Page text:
What we can learn from women-led funds that outperform?

Studies show that women tend to be less overconfident, have a flatter probability weighting curve and may do a better job of matching expected outcomes with actual outcomes

Aug 6, 2015 @ 12:01 am

By Meredith Jones

When I challenge investors to name famous money managers, I inevitably hear names like George, Julian, Warren and Steve. In fact, unless I specifically ask the investor to name a female money manager, the answer is never a female moniker. However, as the old saying goes, "The rooster may crow, but the hen delivers the goods," and new research is showing that wisdom may also apply to investment returns.

My research for Rothstein Kass showed that women-run hedge funds and private equity funds outperformed the hedge universe at large by a margin of six percentage points over six-and-a-half years. A recent study by Kyria Capital highlighted that women-run hedge funds are more likely to produce top-quartile performance, although a June 2015 Morningstar Inc. study was less conclusive. However, by examining the entire body of performance research on female retail and professional investors, it is easy to see a consistent and compelling trend toward outperformance.

(More: Mutual fund industry comes up short when it comes to women portfolio managers)


At the very least, research shows that women and men approach investing differently. Biology plays a significant role in investing behavior as hormones like testosterone and cortisol impact risk taking, stress responses and confidence levels. Cognition also plays a role. Studies show that women tend to be less overconfident, have a flatter probability weighting curve and may do a better job of matching expected outcomes with actual outcomes.

When combined, biology and cognitive factors create differentiated behavior, and of course, differentiated results. Women trade less than men (due to less overconfidence), and they are very adept at maintaining conviction, even in the face of significant market noise. One study from the Vanguard Group Inc. showed that women were 10% less likely to abandon their investments during the most recent market meltdown. Female investors also generally “stick to their knitting” and are very adept at maintaining a consistent strategy. Those strategies often include less trendy, longer-term investments, which may mitigate volatility.

Despite offering differentiated performance, the number of women in the financial industry remains low. Less than 30% of RIAs and CFPs are women. Morningstar's study concluded that women comprise less than 2% of the mutual fund world, and my research shows that there are 11 men named John, James, William or Robert for every one female hedge fund manager.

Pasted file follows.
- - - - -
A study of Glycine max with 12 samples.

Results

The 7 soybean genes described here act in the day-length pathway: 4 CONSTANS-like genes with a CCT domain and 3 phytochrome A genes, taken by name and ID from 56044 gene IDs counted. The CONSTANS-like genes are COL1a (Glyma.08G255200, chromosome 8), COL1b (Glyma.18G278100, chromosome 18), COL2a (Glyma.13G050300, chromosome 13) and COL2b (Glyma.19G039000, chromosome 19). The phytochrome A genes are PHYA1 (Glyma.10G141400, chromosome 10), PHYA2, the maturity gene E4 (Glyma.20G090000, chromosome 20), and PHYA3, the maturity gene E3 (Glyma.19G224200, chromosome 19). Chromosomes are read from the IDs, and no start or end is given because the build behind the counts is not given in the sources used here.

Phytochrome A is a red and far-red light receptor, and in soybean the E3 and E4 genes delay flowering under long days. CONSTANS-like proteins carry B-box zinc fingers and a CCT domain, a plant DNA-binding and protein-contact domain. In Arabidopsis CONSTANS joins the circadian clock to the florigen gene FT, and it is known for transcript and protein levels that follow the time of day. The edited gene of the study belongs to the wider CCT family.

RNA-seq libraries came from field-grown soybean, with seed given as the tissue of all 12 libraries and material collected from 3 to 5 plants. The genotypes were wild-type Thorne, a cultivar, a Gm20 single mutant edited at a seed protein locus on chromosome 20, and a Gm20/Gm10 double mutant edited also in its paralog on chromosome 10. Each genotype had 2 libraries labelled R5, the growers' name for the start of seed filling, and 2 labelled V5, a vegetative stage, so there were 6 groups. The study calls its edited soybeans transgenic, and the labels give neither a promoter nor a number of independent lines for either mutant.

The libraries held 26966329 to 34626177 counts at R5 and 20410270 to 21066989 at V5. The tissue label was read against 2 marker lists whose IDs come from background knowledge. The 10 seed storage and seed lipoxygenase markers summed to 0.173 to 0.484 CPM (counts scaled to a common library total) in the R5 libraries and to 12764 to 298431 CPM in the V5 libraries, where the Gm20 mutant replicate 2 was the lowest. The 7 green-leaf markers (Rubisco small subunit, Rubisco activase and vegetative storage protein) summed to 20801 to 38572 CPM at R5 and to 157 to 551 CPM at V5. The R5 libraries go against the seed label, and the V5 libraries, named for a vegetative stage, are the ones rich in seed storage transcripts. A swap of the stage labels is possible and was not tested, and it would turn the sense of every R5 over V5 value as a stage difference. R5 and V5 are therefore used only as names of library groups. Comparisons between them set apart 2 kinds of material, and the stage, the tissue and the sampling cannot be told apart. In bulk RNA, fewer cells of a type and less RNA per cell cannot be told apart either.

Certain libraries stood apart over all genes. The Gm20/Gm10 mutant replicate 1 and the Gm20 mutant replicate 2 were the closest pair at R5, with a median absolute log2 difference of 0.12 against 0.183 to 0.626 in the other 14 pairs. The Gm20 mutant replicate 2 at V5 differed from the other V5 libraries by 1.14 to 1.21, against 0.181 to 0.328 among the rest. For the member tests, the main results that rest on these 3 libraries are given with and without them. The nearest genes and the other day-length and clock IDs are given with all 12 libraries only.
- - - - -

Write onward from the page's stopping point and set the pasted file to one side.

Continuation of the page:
And this lack of women may not just be unsettling, it may be decreasing returns and increasing volatility.


Most investors will agree that behavior impacts investment performance. Whether it's the behavior of the individual investor, the investment adviser with whom they work, the money managers to whom they allocate or even the broad market, macro-economic behavior (like the January effect or market bubbles), you can't escape the fact that behavior matters when it comes to investing.

(More: InvestmentNews launches Women to Watch list; nominations being accepted)

If we accept the ever-growing body of research that shows women offer a significant source of alpha, as well as the research that shows diversified investment behavior, it seems like we are leaving money on the table. If we diversify portfolios by geography, liquidity, number of investments, asset classes and other factors, why don't we also consider diversification from a behavioral and gender point of view?

In the future, I hope that more investors will consider behavioral and cognitive alpha and diversification when investing. In fact, for those advisers who service investment clients, it may not be something that can be ignored. Research shows that women will control 66% of the investable wealth by 2030, and one in three high net worth investors is already a woman. Understanding how women think and invest will only become more important with time. Luckily, it already pays to invest in the broad market.

Meredith Jones is the author "Women of the Street: Why Female Money Managers Generate Higher Returns (and How You Can Too)" and an alternative investment consultant who previously served as director of research at Van Hedge Fund Advisors International and director at Barclays Capital Strategic Consulting Group.